Normandy Veterans’ Charity launch appeal for Chelsea garden
A Normandy Veterans’ Charity ‘D-Day Revisited‘ has launched the first phase of a crowdfunding page for a commemorative garden installation on the grounds of the Royal Hospital Chelsea during the 2019 RHS Chelsea Flower Show to mark the 75th anniversary of the 6th June 1944.
That day saw the largest seaborne invasion in world history and it is hoped that the ‘D-Day 75‘ garden, to be designed by John Everiss, will provide a fitting platform for the public to show their gratitude to the veteran generation and create a lasting tribute to the valiant actions these men and women undertook in 1944.
Stage one of the crowdfunding is for £25,000 to secure an order for plants – 10,000 ‘Sea Thrift’ plants will be used on the garden – intrinsic to the design. Just £5 will pay for two of these coastal plants which John will use to create a carpet around plinths in the design. Armeria Maritima (Sea Thrift) would have been seen by the troops as they embarked on the south coast of England and again as they pushed inland off the Normandy beaches.
With surviving veterans approaching 100 years of age, the 75th anniversary will also be the charity’s final year in action and it is the dearest wish of the surviving veterans that the garden be relocated to the British Normandy Memorial at Ver-sur-Mer in France as a permanent installation, after the show.
The garden’s designer, John Everiss, (pictured left) is a multi RHS gold medal winner. His moving 2015 RHS Chelsea Flower Show Garden ‘The Evader‘ was dedicated to his late father, an RAF navigator, during the Second World War.
Two life sized sculptures will bookmark the entrance to the garden. These have been based on Bill Pendell MM, a 97-year-old veteran from Oxfordshire, who thinks himself as an ordinary man and wonders why people “make such a fuss” of him. He landed on Gold beach during D-Day as a 22-year old despatch rider in the Royal Signals, 11th Armoured Division. He was awarded the Military Medal in June 1945 for bravery in combat and in 2016 received the Legion d’Honneur, which is the highest French Order of Merit.
One figure is carved in stone by sculptor Thomas Dagnall, depicting Bill sitting on a stone plinth, wearing his medals and beret. He is looking across to a second sculpture, this a fragile metal figure of himself as a 22-year-old, pausing before rushing out of the water and up the beachhead. This second sculpture is by John Everiss.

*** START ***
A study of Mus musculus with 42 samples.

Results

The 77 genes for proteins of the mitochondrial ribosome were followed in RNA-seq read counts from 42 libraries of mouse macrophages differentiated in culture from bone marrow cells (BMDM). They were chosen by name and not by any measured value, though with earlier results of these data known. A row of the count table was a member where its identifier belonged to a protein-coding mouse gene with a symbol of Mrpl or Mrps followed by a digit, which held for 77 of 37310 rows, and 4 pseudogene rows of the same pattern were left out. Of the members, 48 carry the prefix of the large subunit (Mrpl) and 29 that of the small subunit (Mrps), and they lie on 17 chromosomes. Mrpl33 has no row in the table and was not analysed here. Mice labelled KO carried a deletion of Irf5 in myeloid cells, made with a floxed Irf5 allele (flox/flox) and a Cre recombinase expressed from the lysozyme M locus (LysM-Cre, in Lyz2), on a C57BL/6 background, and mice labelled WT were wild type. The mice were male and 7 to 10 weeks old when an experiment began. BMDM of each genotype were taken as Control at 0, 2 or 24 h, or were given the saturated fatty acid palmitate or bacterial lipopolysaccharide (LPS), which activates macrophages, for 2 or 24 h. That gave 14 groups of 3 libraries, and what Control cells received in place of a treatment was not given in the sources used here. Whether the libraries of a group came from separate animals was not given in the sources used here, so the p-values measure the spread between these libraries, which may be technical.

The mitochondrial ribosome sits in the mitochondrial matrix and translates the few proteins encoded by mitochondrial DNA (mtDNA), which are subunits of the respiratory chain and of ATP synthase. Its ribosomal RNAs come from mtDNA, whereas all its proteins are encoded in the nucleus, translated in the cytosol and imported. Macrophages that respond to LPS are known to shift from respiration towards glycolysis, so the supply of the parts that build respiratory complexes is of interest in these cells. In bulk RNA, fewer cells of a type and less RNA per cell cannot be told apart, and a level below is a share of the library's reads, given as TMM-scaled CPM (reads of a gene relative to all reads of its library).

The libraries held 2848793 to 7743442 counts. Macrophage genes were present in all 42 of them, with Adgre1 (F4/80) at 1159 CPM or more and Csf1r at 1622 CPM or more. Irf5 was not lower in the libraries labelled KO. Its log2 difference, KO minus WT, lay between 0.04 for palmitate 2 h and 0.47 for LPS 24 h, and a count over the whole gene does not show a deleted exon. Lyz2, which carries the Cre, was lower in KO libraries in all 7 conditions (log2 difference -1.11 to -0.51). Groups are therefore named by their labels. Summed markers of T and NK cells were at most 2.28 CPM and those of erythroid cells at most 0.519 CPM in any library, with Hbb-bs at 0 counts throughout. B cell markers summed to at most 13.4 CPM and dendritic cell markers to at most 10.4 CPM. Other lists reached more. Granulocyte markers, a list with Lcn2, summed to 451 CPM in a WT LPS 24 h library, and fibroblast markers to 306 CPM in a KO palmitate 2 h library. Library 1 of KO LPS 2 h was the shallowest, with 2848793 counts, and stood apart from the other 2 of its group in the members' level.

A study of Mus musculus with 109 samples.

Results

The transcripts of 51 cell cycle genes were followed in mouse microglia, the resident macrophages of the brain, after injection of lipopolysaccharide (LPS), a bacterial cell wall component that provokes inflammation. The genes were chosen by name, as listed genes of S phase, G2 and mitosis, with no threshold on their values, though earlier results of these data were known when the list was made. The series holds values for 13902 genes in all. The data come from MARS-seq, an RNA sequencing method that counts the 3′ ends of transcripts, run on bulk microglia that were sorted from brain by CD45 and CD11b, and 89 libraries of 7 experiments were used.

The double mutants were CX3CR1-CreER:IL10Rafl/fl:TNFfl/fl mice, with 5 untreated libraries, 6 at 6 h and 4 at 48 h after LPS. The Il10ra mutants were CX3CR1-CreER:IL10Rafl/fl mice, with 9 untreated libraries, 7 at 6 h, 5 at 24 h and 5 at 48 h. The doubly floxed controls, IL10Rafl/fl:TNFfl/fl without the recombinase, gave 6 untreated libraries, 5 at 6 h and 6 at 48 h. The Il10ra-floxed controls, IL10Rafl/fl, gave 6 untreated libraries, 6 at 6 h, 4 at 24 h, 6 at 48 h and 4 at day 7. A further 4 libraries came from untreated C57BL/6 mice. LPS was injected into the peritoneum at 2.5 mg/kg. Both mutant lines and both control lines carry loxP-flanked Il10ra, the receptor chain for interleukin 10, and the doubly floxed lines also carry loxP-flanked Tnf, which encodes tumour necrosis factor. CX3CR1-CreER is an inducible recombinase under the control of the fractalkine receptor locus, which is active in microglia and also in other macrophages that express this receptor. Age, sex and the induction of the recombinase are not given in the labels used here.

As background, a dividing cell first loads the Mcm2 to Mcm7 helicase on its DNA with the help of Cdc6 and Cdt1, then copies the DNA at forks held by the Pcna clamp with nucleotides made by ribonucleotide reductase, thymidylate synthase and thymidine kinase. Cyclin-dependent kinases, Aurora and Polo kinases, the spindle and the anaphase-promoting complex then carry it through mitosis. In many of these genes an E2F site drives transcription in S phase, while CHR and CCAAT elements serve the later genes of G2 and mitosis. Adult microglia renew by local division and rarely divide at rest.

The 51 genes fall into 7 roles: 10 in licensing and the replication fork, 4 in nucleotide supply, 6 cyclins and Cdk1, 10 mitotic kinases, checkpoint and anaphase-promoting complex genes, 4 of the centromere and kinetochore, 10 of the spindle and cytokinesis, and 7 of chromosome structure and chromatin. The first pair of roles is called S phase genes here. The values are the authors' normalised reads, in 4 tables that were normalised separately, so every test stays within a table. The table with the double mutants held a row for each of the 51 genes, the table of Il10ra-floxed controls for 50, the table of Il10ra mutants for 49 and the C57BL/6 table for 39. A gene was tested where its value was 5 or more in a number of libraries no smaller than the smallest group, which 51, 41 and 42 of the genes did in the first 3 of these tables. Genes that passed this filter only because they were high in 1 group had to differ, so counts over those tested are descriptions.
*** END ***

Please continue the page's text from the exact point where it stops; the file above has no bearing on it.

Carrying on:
Beyond veteran Bill, there will be a further 15 stone plinths stretching out towards the Royal Hospital Chelsea, each bearing a word or sentence that captures the D-Day experiences of 15 veterans. The garden will also encompass waves breaking on the beach, with four similarly fragile metallic figures struggling out of the water.
John explains that the garden aims to strike a fine balance between paying respectful tribute to the men and women who lost their lives as well as celebrating the immense achievement of the Allied operation which liberated millions of people across Europe.
The charity, D-Day Revisited, is based in the North-West and was established as a family charity in 2008 by father and daughter John and Victoria Phipps. The primary objective is to fund and organise pilgrimages for veterans of the Normandy campaign wishing to return to France to commemorate the anniversary of the landings. Each year, the charity has taken a group of around 100 veterans, companions and support volunteers back to Normandy each year.
Victoria points out that next year’s (2019) anniversary will be the final opportunity for the public to come together and commemorate D-Day alongside a significant number of men and women who experienced it first hand: “What’s exciting about the D-Day 75 Garden is that it aims to celebrate our living veterans, as well as respectfully remembering those left behind in Normandy,” says Victoria. “We hope it will create plenty of opportunities for our WW11 generation to share their incredible stories from that pivotal time.”
Designer, John Everiss, explains that the garden celebrates the veterans, many of whom are already looking forward to attending the RHS Chelsea Flower Show where they’ll have the opportunity to exchange stories with the Chelsea Pensioners and talk with visitors: “We hope the veterans’ wish to gift this 75th anniversary garden to the British Normandy Memorial at Ver-Sur-Mer can be fulfilled,” added John. To this end, the charity hope to get confirmation from the Normandy Memorial Trust for this to happen.
The project is backed by the RHS Chelsea Flower Show and supported by the families of Field Marshal Bernard Law Montgomery and General Dwight D ‘Ike’ Eisenhower, who played such leading roles in the Normandy Campaign. The garden will not be judged.
The total amount the charity hope to raise, in stages, is £290,000 which will also include one move to the British Normandy Memorial, if they get approval, as a permanent installation.
To find out more about D-Day Revisited please see https://d-dayrevisited.co.uk
To support the D-Day 75 Garden please visit: https://www.gofundme.com/dday-75-garden
Picture credits: Photograph of John Everiss ©Reckless Gardener, all others © D-Day Revisited Charity.